Pastor Wilbert Miller’s Vespers Sermon
“A Tawdry King, A Cowardly Saint, and Bedraggled Runts Like Us”
1 Samuel 16: 1-13;
Text of Marc-Antoine Charpentier’s Le reniement de Saint Pierre
March 26, 2017 (Fourth Sunday in Lent)

Over and over again in the Bible, God calls the most complex characters to carry out ministry in this world.

Two such characters are with us this evening, King David and Saint Peter. They are giants of the faith and yet dreadfully flawed.

Take King David for instance. It all started out rather innocuously. Samuel went to Jesse to see whether one of his boys might have sufficient intellect and chutzpah to be the next king of Israel.

Eliab was the first son to be paraded before Samuel. He was tall and handsome, a strapping figure to be sure. Anyone on the lookout for royal stature would have picked Eliab in a heartbeat. But abruptly, God’s voice came booming from heaven and vetoed Samuel’s preliminary pick: “Look not to his appearance and to his lofty stature.”

And so, Samuel resumed the search. Seven of Jesse’s sons were marched before him, one-by-one, and each summarily rejected by God. It was the eighth, the ruddy one with beautiful eyes, who caught God’s attention. David was an after-thought being the runt of the litter. It was befuddling really because, as you know, then and now, we prefer leaders who are big and powerful. We are skeptical of runtiness!

Ted Schneider was the pastor of St. Luke’s-Silver Spring, the largest Lutheran congregation in metropolitan Washington, DC. Every year, our national Lutheran church holds a retreat where only the senior pastors of our largest congregations are invited. Needless to say, I have never been invited since I have served runts of the litter—ruddy and beautiful congregations, but runts nonetheless. Pastor Schneider, who went on to be the Lutheran bishop of Washington, D.C., told me that, almost without exception, the pastors of these congregations with more than 2500 members were 6’6” tall with sweeping white manes and deep, resonant voices. When they walk into cocktail parties, you take notice. Pastor Schneider stood out among these eye-catching titans—or actually he didn’t: he is 5’6”, I think.

King David was the runt, too, and yet everyone took notice and that’s what eventually caused problems. He captivates us by slaying the giant Goliath and crafting the gorgeous Psalms we sing on evenings like this. He was unlike anyone Israel had ever seen—so self-assured, so charming, so debonair; no one questioned David’s God-given ability to lead Israel. And yet, like so many compelling leaders, David sickens us to this day no matter how much we adore him.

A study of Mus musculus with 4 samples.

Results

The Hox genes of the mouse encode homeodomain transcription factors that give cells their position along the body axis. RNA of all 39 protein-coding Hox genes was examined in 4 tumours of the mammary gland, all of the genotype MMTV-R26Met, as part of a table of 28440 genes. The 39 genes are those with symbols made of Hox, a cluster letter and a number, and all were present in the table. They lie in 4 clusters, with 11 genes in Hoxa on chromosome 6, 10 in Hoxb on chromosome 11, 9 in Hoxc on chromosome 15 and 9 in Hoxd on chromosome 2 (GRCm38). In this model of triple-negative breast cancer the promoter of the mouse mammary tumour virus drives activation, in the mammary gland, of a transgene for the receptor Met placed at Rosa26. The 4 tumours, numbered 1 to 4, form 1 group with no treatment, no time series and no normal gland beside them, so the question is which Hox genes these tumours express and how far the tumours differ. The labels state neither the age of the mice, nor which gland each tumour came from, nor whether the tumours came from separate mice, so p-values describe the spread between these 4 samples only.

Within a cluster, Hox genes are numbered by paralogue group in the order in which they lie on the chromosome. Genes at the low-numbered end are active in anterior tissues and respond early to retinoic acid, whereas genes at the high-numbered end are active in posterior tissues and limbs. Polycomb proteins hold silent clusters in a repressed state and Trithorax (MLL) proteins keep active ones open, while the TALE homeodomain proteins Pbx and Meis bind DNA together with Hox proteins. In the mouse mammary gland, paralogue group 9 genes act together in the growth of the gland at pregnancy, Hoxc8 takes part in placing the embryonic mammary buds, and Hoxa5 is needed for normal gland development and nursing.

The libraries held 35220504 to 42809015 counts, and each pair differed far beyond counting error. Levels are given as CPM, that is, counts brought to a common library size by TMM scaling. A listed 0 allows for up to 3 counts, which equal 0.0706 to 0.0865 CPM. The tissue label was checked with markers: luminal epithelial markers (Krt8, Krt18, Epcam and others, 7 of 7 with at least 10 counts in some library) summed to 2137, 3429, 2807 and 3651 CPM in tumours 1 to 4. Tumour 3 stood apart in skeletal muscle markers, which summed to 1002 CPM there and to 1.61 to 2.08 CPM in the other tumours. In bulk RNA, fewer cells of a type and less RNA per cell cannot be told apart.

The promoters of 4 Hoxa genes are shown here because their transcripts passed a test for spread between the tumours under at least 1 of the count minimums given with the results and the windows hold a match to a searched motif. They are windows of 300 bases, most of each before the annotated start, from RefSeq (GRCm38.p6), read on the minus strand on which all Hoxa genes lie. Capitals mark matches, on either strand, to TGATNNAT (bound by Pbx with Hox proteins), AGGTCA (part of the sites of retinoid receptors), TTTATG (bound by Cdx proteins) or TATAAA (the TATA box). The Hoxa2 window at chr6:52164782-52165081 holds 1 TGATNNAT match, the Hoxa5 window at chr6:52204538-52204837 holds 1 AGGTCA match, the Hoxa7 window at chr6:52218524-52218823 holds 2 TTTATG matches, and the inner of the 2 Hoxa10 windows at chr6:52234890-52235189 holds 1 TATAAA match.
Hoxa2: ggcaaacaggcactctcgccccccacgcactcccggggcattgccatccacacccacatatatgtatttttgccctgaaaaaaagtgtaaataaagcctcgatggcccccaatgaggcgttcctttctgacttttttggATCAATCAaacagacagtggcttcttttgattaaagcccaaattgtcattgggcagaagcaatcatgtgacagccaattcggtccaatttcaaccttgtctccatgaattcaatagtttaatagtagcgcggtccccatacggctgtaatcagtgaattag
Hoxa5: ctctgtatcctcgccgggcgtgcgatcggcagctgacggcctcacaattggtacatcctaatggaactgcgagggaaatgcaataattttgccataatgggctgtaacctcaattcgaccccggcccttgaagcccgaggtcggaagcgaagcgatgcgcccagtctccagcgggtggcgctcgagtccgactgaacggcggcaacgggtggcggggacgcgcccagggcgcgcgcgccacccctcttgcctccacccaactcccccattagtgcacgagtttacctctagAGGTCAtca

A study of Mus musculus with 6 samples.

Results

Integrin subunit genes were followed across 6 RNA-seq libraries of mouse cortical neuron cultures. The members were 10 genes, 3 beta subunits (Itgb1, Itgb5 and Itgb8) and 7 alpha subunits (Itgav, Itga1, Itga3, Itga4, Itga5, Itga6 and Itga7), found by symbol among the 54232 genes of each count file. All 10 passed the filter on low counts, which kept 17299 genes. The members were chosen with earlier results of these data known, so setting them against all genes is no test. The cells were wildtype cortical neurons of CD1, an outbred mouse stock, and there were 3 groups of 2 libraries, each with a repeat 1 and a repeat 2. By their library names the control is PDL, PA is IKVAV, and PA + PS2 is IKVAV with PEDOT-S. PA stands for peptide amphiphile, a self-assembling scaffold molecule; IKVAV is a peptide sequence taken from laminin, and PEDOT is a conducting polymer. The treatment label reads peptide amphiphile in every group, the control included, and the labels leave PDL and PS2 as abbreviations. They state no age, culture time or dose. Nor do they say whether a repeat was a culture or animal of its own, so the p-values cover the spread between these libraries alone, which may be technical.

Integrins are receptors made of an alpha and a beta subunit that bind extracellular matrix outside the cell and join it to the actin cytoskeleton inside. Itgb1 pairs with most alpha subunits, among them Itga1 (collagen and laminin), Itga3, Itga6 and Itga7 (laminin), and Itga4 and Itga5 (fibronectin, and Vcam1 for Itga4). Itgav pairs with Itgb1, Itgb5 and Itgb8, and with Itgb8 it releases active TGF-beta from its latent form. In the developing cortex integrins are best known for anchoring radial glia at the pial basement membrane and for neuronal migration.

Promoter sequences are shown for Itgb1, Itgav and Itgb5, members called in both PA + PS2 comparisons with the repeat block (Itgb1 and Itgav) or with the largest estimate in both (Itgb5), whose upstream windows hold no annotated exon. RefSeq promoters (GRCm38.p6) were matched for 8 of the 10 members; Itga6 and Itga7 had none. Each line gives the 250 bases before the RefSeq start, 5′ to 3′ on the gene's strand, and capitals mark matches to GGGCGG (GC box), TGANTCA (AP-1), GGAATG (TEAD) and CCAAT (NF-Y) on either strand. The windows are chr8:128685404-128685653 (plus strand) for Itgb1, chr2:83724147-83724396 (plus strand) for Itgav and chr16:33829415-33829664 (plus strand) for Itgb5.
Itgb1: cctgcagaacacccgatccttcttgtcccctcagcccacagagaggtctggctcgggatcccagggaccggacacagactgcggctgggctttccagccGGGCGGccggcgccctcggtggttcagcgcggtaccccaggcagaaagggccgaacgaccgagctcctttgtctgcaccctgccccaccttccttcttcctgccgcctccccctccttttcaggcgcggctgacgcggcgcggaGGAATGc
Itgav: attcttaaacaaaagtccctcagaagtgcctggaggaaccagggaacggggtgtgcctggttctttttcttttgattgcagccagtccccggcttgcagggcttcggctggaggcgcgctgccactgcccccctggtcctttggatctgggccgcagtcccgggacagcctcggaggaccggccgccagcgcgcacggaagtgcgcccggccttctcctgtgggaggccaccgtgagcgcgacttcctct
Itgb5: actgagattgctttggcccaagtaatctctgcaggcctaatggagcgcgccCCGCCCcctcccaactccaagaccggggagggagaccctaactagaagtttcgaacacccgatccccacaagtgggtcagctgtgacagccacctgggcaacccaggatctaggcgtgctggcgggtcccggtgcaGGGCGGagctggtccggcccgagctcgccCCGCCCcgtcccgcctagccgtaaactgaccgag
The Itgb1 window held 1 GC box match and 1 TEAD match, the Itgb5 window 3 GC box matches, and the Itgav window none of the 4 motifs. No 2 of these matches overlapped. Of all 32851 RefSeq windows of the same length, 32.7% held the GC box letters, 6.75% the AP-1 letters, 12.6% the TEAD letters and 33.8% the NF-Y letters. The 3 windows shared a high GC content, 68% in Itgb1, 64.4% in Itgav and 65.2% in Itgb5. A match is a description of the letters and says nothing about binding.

Those blessed with unusual gifts are often the ones who must be kept in check. Down through history, those with the greatest promise have often unleashed the most unfathomable havoc. One need only look at David’s hideous affair with beautiful Bathsheba: watch the cover-up as he eventually had Bathsheba’s husband, Uriah, killed on the front line of battle. Powerful men, when crossed, can be ruthless and have the potential to unleash all manner of mayhem.

We also welcome Saint Peter tonight as the choir sings this evening’s cantata. Peter was like David in so many ways. Though called to be Jesus’ right-hand man, all did not turn out as planned. When Jesus was arrested and his death was imminent, Peter slinked into the shadows and denied ever having known his best friend. Peter had three chances to stand up for Jesus and three times he cowered like a beaten puppy.

What is so astonishing is that God even called Peter and David. You would think God would have known better…and maybe God did.

Rabbi David Wolpe, in his book, David: The Divided Heart, writes: “Throughout his journey, David, though sinful and rebuked, is never faithless. His failures do not make him doubt—or reject—God; rather, they intensify his devotion.”

Rabbi Wolpe continues: “Conventional religion has a regrettable tendency to do surgery on the human soul, leaving only the exalted parts. But readers of the Bible find that [it] is filled with flawed human beings and fraught situations against the backdrop of charged sanctity.”

Peter was no different. The classics scholar Erich Auerbach notes that in all of Greco-Roman literature, there is no story like Peters’ encounter with the servant girl in the high priest’s courtyard. “Peter is the leader of the Christian movement, and yet the literature of the movement implicates him in a tawdry deception with dialogue so realistic that it’s embarrassing” (Richard Lischer, The End of Words).

We like happy endings where our heroes are perfect and courageous but that, dear friends, is not the biblical story. God chooses flawed folks like David and Peter to do heavenly work here on earth.

And, by the way, God chooses you and me to do similar work as well. In spite of our cowardice and braggadocio, doubts and tawdry desires, God picks us to let God’s grace shine through to those we encounter day after day.

Take heart in the odd flaws of heroes and saints like King David and Saint Peter. After all, you and I join them to do God’s work here on earth. There is hope for us, dear friends, there is hope.